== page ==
The Pentagon announced on Saturday 17,000 people have been evacuated from Afghanistan since last week after the Taliban‘s growth in the region culminated in Sunday’s takeover of the capital city of Kabul.
Army Major Gen. William Taylor said that six U.S. C-17 aircraft and 32 charter planes departed Kabul “within the past 24 hours,” noting the passenger count on all of those flights was “approximately 3,800.”
“Since the end of July, we have relocated approximately 22,000 people. Since the beginning of this evacuation operation on Aug. 14, we’ve evacuated approximately 17,000,” Taylor said during a press conference Saturday.
The Army major general added that “a number of C-17s are moving between Qatar and Germany, providing critical relief that will increase our input to those intermediate staging bases, noting that “three flights landed at Dulles International Airport” between Friday and Saturday.
When asked about U.S. Embassy alerts on Saturday indicating “potential security threats outside the gates at the Kabul” and “advising U.S. citizens to avoid traveling to the airport and to avoid airport gates at this time unless you receive individual instructions from a U.S. government representative to do so,” Pentagon spokesman John Kirby said the “very, very fluid and dynamic” situation at the airport “changes almost by the hour, and it changes in locations around the airport.”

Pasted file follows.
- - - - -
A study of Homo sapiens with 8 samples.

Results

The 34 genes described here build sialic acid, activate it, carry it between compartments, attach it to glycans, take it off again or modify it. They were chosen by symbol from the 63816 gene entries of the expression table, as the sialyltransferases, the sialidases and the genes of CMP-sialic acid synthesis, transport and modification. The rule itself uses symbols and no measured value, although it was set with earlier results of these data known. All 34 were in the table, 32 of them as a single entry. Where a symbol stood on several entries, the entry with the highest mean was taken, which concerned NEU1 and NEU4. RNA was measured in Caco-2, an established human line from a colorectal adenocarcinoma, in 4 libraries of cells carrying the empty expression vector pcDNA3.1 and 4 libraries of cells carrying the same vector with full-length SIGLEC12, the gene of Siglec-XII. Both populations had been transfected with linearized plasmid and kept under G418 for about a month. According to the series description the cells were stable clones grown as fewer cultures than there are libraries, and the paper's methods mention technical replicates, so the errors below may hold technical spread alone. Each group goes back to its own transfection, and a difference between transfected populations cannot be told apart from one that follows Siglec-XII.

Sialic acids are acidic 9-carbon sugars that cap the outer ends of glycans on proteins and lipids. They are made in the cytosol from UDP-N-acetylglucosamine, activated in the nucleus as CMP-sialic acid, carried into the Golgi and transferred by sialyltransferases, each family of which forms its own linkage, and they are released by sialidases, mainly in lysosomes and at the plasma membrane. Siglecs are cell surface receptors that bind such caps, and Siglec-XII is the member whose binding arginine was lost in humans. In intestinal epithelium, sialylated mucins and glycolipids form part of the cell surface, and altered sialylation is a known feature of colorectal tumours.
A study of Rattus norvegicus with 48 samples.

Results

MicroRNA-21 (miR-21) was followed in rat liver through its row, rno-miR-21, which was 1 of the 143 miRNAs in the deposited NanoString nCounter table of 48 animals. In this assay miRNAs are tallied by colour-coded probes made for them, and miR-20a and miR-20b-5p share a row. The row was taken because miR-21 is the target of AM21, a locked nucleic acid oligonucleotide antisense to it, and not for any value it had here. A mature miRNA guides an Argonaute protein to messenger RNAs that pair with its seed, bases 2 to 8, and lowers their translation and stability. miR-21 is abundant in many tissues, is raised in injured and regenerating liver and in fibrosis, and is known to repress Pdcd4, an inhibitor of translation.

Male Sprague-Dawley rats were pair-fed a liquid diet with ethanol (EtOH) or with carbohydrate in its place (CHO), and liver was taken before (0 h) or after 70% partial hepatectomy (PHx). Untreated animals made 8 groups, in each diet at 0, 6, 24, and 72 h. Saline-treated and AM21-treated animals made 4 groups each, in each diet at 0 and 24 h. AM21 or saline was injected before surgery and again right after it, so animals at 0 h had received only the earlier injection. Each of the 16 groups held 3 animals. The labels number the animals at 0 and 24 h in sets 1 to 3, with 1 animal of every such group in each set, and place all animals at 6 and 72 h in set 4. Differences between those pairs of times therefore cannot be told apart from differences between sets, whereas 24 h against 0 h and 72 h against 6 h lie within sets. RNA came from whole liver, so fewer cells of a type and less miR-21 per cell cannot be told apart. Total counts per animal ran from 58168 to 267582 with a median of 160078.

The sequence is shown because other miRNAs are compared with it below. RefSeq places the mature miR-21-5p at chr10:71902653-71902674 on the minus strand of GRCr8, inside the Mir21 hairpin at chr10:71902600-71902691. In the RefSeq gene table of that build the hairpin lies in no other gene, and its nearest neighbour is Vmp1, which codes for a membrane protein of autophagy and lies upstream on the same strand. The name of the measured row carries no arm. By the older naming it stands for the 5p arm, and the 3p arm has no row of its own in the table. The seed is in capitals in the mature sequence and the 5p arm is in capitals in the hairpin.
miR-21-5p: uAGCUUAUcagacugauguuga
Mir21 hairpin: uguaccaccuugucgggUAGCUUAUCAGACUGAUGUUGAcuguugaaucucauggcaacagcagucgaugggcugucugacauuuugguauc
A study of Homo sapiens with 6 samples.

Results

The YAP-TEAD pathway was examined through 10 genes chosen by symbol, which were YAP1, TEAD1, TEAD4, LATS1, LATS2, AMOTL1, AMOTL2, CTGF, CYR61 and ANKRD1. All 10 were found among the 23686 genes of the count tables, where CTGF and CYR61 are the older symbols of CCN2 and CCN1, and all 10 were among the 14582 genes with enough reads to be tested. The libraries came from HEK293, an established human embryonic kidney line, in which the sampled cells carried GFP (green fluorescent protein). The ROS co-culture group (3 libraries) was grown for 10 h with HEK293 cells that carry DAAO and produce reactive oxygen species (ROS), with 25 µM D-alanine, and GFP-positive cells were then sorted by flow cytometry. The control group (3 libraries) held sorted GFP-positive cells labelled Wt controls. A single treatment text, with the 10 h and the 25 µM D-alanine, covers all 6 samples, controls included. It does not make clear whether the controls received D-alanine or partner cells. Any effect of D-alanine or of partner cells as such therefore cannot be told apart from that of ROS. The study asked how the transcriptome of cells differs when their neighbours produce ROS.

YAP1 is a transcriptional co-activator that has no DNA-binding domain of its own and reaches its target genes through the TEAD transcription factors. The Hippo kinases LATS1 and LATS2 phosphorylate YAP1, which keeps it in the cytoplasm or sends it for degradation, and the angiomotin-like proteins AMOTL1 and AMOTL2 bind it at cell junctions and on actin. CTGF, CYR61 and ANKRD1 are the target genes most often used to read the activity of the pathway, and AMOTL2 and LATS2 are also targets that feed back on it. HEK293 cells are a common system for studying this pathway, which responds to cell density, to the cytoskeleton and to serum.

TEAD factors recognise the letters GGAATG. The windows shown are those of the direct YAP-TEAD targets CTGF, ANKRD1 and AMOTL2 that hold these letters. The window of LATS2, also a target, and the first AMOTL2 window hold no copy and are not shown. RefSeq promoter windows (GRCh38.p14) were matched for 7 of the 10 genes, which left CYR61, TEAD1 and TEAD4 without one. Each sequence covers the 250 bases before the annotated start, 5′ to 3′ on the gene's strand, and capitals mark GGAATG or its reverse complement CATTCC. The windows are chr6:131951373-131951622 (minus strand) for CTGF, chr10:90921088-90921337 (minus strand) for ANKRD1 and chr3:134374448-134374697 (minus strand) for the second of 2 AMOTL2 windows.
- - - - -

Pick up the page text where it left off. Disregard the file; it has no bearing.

“So, what you’re seeing out of our State Department colleagues, I think, is prudent notification to make sure that whatever movement there is to the gates from outside the airport is done as safely as possible and that people have the information they need to make the best decisions for themselves going forward,” Kirby said in response to the alert, declining to provide specific information about security threats.
Pentagon officials did not specify how many of the 17,000 evacuated since last week were Afghan recipients of Special Immigrant Visas or other eligible persons for evacuation, but they estimated 2,500 U.S. citizens were included in that number. Kirby also said officials do not have a concrete number of U.S. citizens remaining in Afghanistan.
The Pentagon spokesman said defense officials are aware of a “small number of cases” in which some U.S. citizens and Afghans have been “harassed and in some cases, beaten,” adding that “we don’t believe it is a very large number.”
The scene at Kabul’s airport has been plagued by chaos throughout the week following a desperate rush from hundreds of Afghans to board evacuation flights on Sunday, with some people falling to their deaths after attempting to cling to the outside of the planes as they departed.
“Let me be clear: Any American who wants to come home, we will get you home,” Biden said.
In a departure from his previous efforts to withdraw all forces by Aug. 31, the president said on Aug. 14 he would send an additional 1,000 troops to Afghanistan to complement the 1,000 troops already in the country and the 3,000-troop surge he announced the week prior.